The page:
I suspect many of you who read this blog are software programmers. If you’re not, great! For those of you who are, suppose for a moment that you are not. All together now, suppose that you are an accountant or an analyst. Suppose further that you’re good at it: your assignments are completed at high quality; you find novel solutions to difficult problems; you plan your work and communicate progress; you finish on time. One day the CEO says, “you know, you’re doing such a great job at accounting/analysis that we’d like you to write some code now.” “Great!” you say, “I’m good at lots of things, I can figure out this software engineering thing too.” You’ve heard that a lot of programmers use IDEs, so you download a copy of Eclipse, open it up and start typing.
Sound strange? Now substitute “management” for “software engineering”. This presents a more familiar scenario: individual contributors who are rewarded for their contributions with a promotion to management. But the job of engineering management is about as far from engineering as accounting or analysis. It’s a completely different skillset. Yet many of us charge ahead thinking, “I’m smart, I’ll just figure it out.”
While some do, most of us have to read books, take classes and learn from more experienced practitioners. In the past year I’ve done a lot of the first. Currently I’m working through The Leadership Pipeline: How to Build the Leadership Powered Company. A few chapters in, the most interesting observation is that we cannot divide work into the simple roles of “contributor” and “manager”. The skillsets required of a “manager of doers”, for example, are not the same as the skillsets required of a “manager of managers”. Looking forward to the rest. Two of the book’s authors were part of the leadership team at General Electric, a company with hundreds of thousands of employees and many layers of management. Not the same as the challenges that face a typical startup, but interesting nonetheless!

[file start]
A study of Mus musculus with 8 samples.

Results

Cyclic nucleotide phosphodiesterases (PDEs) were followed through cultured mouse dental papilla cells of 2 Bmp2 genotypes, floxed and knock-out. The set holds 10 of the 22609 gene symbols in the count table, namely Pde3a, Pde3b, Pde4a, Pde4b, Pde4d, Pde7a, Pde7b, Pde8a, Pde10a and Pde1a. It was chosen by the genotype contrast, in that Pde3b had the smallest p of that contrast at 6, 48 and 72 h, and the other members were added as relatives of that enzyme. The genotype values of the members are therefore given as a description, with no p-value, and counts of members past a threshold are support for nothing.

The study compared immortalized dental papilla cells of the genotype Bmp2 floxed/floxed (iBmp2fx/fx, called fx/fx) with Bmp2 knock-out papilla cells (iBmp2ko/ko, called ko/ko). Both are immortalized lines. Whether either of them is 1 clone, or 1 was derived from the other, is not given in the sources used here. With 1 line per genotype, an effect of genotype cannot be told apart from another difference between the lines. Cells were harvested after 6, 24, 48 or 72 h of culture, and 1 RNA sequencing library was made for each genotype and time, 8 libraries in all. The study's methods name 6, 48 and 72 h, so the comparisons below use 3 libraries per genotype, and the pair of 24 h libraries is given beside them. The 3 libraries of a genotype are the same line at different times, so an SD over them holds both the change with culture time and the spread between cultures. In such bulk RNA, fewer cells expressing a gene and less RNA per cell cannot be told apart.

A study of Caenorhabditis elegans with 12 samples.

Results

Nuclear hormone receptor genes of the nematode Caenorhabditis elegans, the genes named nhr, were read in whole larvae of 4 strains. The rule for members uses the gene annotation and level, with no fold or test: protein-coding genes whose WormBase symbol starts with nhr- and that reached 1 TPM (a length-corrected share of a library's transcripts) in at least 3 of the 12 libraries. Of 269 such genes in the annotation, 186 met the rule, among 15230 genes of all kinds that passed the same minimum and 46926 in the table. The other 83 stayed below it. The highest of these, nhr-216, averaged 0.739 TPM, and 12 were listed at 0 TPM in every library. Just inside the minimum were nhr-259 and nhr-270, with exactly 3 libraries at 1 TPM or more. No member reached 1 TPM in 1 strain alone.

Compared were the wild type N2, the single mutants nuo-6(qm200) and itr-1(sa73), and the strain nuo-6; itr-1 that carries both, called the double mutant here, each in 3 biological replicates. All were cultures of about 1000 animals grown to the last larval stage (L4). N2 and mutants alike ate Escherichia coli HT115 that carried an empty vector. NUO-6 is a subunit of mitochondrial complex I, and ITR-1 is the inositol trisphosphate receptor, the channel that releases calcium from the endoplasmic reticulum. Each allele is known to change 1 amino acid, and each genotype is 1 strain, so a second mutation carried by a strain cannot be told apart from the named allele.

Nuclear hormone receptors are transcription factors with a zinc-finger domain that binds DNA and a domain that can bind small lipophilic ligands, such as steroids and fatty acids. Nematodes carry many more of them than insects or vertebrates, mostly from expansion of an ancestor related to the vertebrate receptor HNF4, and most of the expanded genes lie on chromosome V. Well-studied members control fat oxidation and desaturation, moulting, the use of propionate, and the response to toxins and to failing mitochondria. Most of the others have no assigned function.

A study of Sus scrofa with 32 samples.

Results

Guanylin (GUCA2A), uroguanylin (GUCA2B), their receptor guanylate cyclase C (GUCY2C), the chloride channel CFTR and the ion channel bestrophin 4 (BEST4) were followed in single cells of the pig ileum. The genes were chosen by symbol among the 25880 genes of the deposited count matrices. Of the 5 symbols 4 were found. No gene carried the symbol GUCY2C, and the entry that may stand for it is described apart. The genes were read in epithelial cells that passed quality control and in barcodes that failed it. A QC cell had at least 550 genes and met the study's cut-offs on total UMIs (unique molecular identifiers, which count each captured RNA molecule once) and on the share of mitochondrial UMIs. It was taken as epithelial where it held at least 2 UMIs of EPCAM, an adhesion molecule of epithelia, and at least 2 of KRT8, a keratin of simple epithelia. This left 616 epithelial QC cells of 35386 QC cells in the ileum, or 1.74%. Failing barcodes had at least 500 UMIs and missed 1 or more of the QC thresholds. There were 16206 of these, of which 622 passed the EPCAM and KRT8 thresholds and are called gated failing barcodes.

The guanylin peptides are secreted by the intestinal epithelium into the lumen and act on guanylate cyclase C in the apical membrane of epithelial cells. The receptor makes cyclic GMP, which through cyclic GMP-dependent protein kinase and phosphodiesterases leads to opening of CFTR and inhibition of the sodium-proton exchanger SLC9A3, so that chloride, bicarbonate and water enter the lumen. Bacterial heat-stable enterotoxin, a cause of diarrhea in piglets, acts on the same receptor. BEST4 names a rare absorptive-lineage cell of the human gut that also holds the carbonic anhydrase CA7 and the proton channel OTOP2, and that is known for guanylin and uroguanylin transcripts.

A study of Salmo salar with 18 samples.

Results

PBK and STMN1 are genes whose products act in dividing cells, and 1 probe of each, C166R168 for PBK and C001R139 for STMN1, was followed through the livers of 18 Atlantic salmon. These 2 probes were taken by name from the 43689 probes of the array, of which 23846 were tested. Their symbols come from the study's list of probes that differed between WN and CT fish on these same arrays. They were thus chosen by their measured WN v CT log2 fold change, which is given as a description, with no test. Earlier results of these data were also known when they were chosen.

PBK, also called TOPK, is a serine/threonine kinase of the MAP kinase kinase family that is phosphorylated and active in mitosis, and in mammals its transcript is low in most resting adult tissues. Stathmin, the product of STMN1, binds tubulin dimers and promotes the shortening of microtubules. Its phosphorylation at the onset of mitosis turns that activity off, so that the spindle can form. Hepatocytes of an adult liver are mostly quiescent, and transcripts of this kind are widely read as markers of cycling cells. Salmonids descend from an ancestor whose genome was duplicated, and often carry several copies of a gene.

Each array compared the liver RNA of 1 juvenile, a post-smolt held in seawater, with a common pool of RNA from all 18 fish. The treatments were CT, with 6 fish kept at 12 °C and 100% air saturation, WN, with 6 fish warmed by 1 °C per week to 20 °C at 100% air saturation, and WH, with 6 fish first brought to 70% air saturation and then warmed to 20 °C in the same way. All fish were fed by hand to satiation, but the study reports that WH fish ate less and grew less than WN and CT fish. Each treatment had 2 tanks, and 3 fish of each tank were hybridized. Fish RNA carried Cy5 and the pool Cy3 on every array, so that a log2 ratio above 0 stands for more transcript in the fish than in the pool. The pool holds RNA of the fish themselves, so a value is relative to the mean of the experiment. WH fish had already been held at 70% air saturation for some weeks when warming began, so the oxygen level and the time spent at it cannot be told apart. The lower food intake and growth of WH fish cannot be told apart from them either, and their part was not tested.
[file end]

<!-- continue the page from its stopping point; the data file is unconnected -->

Great sizzle reel — literally — from the crew over at Stella Culinary
Have been a fan of the work Chef Jacob is doing since the Free Culinary School Podcast days. It’s a great source for real world tips and techniques. This is where I learned about “squaring off” irregularly-shaped root vegetables in order to create a uniform dice. And tasting to gauge the salt level in your pasta or blanching water (sometimes the best tips are the ones that should be obvious but go unsaid).
Highly recommended if you’re into food and cooking.
Recently I read a couple of books on the iPad using iBooks software. Here are a few quick observations on iBooks vs traditional aka “dead trees” books:
When reading a traditional book, you orient yourself so that light shines on the pages. When reading an iBook, you do just the opposite — avoid light sources, which create distracting reflections on the screen.
You can highlight passages in both iBooks and traditional books. You can do so in a more uninhibited way with iBooks, since the highlights are non-destructive and editable. In iBooks, you get a handy auto-generated index of all highlighted passages.
You can carry a virtually infinite number of iBooks around without straining your shoulders or back.
You can purchase and start reading an iBook within seconds of receiving a recommendation.
Traditional books don’t need to have their batteries charged.
Traditional books can be shared or sold when you’re done with them.
You might ask, what is to be gained? Think of your personality as the water that surrounds a fish. It pervades and impacts everything you do, yet it’s largely invisible to you. Taking a few minutes to get some perspective on how you approach the world can be instructive.